Insulated opinions cause problems in any organization.
If your belief about how you or your product is viewed is developed solely within the walls of your establishment, you are probably wrong.
The Republicans seem to be falling victim to an echo chamber right now that could hurt them in 2014 midterm elections and again in the 2016 presidential race.
Republicans don’t blame themselves for a potential government shutdown and the resulting negative press and negative feelings that will develop.
Nicole Wallace, former George W. Bush communications chief, told MSNBC viewers Monday morning that Ted Cruz and others that support shutting down the government in an effort to defund or delay the Affordable Care Act represent the thoughts of “many, many people.”
She is right.
Cruz has all of the political shock jocks whose ratings benefit from outrageous behavior on his side. That puts almost all of the diehard Republicans on his side. He has the dedicated support of millions of people.
And he is killing the party’s chances of pulling more people on the bandwagon.
Yes, fundraising will go well. Yes, all of your books will be bestsellers. Yes, the ratings on Fox News and AM talk radio will rise. And, yes, the Democrats will win the White House.
It is important to be supported by your base. But face it, the base wasn’t that important when a black man with a name that sounded like both Osama Bin Laden and Saddam Hussein was running as a Democrat. The base was not the problem.
When I ran as a write-in candidate for president last year, it was merely to highlight the fact that only the undecided voters in about a dozen swing states decide the election.
Nothing has changed that.
Those voters aren’t impressed by publicity stunts and intransigent bargaining styles.
It is simple math.
About 40 percent of the voters in these swing states are Republicans who will vote for almost any Republican over almost any Democrat. That’s why they identify as Republicans. The same is true on the Democratic side.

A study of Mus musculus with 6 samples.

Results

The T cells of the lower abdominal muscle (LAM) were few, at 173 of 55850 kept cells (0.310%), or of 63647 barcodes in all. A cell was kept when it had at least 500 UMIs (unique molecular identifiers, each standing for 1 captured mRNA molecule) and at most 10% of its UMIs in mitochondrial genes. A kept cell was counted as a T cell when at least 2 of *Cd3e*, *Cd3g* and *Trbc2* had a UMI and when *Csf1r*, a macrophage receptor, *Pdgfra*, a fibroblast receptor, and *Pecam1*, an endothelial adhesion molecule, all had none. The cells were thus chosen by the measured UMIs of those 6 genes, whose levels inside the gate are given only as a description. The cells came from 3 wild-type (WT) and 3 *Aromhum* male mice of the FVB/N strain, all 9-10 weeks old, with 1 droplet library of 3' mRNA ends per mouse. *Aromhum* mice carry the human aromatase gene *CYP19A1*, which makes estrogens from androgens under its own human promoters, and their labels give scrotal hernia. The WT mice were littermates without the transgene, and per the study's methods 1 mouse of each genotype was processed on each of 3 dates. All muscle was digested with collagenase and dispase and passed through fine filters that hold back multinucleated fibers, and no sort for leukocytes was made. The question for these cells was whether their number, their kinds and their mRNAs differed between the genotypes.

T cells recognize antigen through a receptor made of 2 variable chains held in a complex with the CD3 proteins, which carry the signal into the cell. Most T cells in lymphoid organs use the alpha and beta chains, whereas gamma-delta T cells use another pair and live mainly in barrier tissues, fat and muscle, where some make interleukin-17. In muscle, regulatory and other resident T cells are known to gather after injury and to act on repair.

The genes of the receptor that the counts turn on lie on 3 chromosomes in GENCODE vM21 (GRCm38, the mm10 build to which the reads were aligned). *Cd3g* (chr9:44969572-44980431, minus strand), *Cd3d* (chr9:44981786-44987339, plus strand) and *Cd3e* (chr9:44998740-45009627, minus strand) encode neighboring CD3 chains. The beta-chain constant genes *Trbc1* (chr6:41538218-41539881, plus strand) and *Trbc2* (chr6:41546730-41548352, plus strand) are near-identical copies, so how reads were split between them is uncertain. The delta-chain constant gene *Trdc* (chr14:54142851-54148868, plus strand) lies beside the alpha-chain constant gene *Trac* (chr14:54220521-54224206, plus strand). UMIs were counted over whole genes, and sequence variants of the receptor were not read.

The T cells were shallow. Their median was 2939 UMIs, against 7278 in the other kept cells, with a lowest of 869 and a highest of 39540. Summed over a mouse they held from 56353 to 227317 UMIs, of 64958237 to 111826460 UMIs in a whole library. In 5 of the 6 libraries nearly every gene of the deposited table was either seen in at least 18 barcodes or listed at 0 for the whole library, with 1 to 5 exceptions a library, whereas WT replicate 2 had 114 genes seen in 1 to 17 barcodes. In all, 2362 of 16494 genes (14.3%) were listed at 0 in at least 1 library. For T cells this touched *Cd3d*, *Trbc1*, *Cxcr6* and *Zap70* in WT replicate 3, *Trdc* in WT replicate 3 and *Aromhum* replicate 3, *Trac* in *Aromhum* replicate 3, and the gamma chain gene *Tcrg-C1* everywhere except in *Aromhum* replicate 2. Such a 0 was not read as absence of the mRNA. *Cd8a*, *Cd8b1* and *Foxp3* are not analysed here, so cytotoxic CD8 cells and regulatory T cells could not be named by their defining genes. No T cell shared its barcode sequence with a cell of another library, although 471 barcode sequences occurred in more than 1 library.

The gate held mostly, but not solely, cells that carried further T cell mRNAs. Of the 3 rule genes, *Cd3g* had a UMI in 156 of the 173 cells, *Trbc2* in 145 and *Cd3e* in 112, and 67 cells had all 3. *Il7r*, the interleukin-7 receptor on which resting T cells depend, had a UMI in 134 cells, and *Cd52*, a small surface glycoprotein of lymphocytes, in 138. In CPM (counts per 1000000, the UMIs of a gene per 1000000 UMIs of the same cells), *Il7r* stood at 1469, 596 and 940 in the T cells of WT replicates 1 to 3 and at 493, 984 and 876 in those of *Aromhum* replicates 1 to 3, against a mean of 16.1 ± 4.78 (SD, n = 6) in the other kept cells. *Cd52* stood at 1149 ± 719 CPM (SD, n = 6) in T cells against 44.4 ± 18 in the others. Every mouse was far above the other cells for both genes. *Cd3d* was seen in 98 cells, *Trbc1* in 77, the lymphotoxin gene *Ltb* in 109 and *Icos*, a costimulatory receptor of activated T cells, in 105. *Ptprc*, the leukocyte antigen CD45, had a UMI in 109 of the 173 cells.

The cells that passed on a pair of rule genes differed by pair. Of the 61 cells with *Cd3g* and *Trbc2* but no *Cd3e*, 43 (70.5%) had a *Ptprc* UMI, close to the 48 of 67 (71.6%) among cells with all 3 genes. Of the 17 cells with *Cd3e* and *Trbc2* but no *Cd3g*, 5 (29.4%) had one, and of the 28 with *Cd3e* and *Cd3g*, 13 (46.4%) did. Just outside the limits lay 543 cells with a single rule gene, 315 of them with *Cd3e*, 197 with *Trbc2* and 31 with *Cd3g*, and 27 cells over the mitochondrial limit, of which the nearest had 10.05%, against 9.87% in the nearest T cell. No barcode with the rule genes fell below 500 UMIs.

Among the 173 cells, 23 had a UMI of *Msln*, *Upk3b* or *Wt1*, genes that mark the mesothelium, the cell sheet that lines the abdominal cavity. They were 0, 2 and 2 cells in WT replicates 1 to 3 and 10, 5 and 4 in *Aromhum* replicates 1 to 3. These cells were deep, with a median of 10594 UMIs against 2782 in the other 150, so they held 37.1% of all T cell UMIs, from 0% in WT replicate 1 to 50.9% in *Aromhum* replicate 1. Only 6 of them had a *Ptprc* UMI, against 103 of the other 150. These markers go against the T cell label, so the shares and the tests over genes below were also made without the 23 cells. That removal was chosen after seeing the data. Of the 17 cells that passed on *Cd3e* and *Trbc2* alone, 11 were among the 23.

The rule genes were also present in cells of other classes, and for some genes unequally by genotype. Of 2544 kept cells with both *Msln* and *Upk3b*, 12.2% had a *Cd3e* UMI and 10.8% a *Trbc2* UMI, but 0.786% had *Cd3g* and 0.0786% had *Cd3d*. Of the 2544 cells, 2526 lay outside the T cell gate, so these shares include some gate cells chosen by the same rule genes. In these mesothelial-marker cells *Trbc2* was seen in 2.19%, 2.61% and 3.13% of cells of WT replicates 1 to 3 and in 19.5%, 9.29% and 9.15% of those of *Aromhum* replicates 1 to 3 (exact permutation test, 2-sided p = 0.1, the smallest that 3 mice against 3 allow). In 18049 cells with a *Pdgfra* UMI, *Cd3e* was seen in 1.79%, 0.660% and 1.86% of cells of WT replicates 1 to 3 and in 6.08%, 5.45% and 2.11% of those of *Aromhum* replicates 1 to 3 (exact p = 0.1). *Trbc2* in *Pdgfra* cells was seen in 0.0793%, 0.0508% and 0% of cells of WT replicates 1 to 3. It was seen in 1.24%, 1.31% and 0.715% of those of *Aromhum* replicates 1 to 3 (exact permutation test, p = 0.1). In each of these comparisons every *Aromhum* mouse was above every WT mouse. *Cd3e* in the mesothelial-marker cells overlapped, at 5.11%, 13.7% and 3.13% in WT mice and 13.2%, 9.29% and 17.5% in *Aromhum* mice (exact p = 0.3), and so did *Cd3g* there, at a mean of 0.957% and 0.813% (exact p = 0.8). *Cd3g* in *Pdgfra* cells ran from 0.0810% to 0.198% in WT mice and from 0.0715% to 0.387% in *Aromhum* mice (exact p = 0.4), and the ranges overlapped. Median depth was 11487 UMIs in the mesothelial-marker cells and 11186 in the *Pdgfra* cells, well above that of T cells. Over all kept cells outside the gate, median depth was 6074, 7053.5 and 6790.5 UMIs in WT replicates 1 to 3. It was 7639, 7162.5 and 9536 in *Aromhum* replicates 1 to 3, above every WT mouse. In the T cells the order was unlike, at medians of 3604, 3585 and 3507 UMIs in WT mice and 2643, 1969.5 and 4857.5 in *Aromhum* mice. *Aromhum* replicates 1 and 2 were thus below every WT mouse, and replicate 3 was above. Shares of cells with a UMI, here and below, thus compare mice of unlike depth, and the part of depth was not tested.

About 40 percent will vote for a Democrat no matter what.
Whoever wins among the 20 percent in the middle wins the race.
Running shockingly conservative campaigns that alienate less-informed, less-involved and less-partisan voters is a great recipe for less votes.
The Republican platform has cooked up many varieties of that recipe over the past few years. Sarah Palin was, and still is, a ratings driving speaker and best-selling author whose colloquial tones eviscerate her opponents.
How did the 2008 election go with her on the ticket?
When the Republicans choose a presidential candidate in 2015 and 2016, if they use the same purity tests and far-right “play to the base” mentality, the Democrats will have a huge advantage to win again.
Page 2 of 2 - I remember in my hometown when a school bond election was on the horizon, many of my good friends fell victim to this type of thinking.
The football supporters had major problems with a superintendent whose daughter was an amazing soccer player. There was a battle within the district because football supporters saw the soccer supporters using their positions in the administration and on the school board to usurp authority and funds within the athletic department.
When a bond issue was proposed, the football supporters rallied to defeat it to teach those in charge a lesson.
They had closed-door meetings, raised funds and convinced each other that this bond issue was going down.
I talked to people outside their meetings. Most people in Chickasha supported bond issues that were at least a little bit reasonable. Even though they didn’t necessarily like the direction the board was going, they didn’t want to risk hurting students in the district to prove a point.
I knew the bond issue was going to pass and pass pretty easily.
I had some heated arguments about it. Many in the “football party” got really angry that I underestimated their impact on the campaign.
Then they lost in a landslide.
The moral of the story is talking only to others who agree with you, reading only press clippings that support your arguments and only listening to radio shows that you agree with is great for your day-to-day emotional well-being.
But don’t let the echo chamber fool you into thinking everyone is on the same page.
The Republicans need some strong moderate voices who can curry favor with the most conservative member of the base and those outside the party as well.
They haven’t found those people yet. In the current environment, those people would be banished from the party.
That has to change if the colors on those all-important swing states are going to change in November 2016.
But don’t believe me, just keep asking the echo chamber what you should do.
Kent Bush is the publisher of the Augusta Gazette, the El Dorado Times, and the Andover American newspapers. He can be contacted at: firstname.lastname@example.org.